DJ Joel Thomas Zimmerman, known to most as Deadmau5, is being sued by Disney for incorporating giant Mickey Mouse-like ears in his costume. His battle is the latest in a series of fights over trademark rights.
Zimmerman, who owns trademarks to his mouse logo in 30 countries and has been using the image for over a decade, recently tweeted “lawyer up mickey” in response to the threat.
And then there was the cat and mouse game with Ferrari.
The Italian automaker raised concern about the musician’s "Purrari," a 2013 Ferrari 458 Spider F1 Edition, plastered with eye-popping graphics of the Nyan Cat, an animated YouTube character.
In a tweet on Aug. 27, Deadmau5 informed his fans that a lawyer had contacted him with a cease and desist letter from Ferrari. In response, Zimmerman restored the car to its original design and posted a photo captioned “vanilla” on Instagram.
The DJ’s trademark battles are just among the most recent disputes. Below is a list of five clashes between Goliath-like companies and the small upstarts who dared to challenge them.
Don’t Pic on Twitter
Twitpic, the image-sharing website, will be shutting down on Sept. 24 after Twitter complained about what it said was a trademark violation.
For many Twitter users, Twitpic has been part of the tweeting experience, pushing the platform to become more image friendly.
The news came in a tweet sent out on Thursday saying, “Twitpic is shutting down, read our blog for more info.”
The post says that Twitter contacted the Twitpic legal team and demanded that the company abandon its trademark quest or risk losing access to the Twitter application programming interface (API).
Twitpic has been around since early 2008, with an application in the U.S. Patent and Trademark Office since 2009.
“Unfortunately we do not have the resources to fend off a large company like Twitter to maintain our mark which we believe wholeheartedly is rightfully ours. Therefore, we have decided to shut down Twitpic,” says the blog post.
Lord of the Olympic rings
The U.S. Olympics Committee forced a 30-year-old Greek restaurant to change its name.
The Olympic Gyro restaurant in Philadelphia received a cease and desist notice in 2012 from the Olympic committee, the nonprofit corporation responsible for training and funding the U.S. athletes. In an email the organization demanded the deletion of the world Olympics from the shop’s name, stating it had copyright of the word under a 1978 law.
In an email to the Daily News, the Olympic committee emphasized the need “to protect the rights of companies who financially supported the U.S. Olympic Team,” corporate giants like McDonald’s and Coca-Cola.
The gyro restaurant has been part of Athens Voulgaridis family since 1984 when his family bought the shop.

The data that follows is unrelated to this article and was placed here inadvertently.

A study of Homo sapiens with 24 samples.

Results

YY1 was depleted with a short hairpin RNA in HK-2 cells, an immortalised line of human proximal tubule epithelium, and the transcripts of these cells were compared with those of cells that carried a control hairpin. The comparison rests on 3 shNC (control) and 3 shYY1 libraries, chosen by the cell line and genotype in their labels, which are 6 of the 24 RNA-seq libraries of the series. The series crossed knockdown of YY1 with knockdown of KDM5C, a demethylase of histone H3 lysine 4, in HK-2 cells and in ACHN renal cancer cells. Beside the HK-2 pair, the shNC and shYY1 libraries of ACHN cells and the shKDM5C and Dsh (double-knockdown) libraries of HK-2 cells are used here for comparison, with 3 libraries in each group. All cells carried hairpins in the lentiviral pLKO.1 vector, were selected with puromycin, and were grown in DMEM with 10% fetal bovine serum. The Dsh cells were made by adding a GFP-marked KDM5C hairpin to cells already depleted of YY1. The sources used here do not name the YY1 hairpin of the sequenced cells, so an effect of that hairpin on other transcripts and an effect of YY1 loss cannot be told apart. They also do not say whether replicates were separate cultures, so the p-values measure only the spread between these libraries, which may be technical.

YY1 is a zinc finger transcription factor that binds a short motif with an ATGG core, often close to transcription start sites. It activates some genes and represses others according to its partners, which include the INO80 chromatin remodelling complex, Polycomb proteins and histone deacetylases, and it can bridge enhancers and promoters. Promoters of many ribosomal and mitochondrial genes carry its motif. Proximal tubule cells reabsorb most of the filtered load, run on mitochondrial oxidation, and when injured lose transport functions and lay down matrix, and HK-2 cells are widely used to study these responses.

"We're very Greek Orthodox, we go back [to Greece] often. For them to take something that is Greek and make it theirs for money is frustrating,” Voulgaridis told the Daily News.
Ultimately, the restaurant owner decided against taking on the fight. In total, the name change cost his business approximately $6,000. He received no assistance with the expense from the Olympic committee.
Apple bikes back
The Victoria School of Business and Technology bit off more than it could chew when it settled on an apple logo for its business.
The school’s logo featured the outline of an apple with a leaf on top, a similar design to the one associated with the tech giant Apple Inc..
In September 2008, Apple sent a cease and desist letter to the business school in Saanich, B.C., claiming the school's logo infringed its trademark rights.
In April 2011, the school announced that it had settled its dispute with Apple and was launching a new logo under the name Q College. The settlement's full terms were undisclosed.
In 2011, Kellogg North America launched a lawsuit against a non-profit that supports education for Guatemalan children, claiming that the bird depicted in the organization’s logo was too similar to "Toucan Sam," the cartoon character featured on boxes of Froot Loops cereal.
The battle played out in the media, with the Maya Archaeology Initiative firing back at Kellogg for showcasing an online video game on its website that featured a “culturally insensitive” depiction of a witch doctor who was supposed to be Mayan.
Kellogg apparently decided that the suit was creating too much negative publicity.
Within a few months the food company dropped the claim against the group and even contributed $100,000 to cover a major part of the cost of building its Maya cultural centre in Guatemala.
Sam Buck Lundberg, the owner of a small coffee shop in the coastal town of Astoria, Ore., population 10,000, was asked by Starbucks to cease and desist her coffee-related activities under the name SamBucks in the spring of 2002.
"When I bought the coffee shop, there were no Starbucks within 100 miles," said Lundberg to ABC News.
Lundberg was offered $500 by the company at the time to change the name, but decided instead to ignore the letter.
Starbucks in turn took more aggressive measures and sued her for trademark infringement.
Despite a multiyear battle that created national headlines and stirred much anti-Starbucks sentiment, in 2006 a federal judge decided that Lundgren was in violation of the company's trademark.
In an attempt to battle the negative media storm, Starbucks sought no damages and declined to make Lundgren pay their legal costs.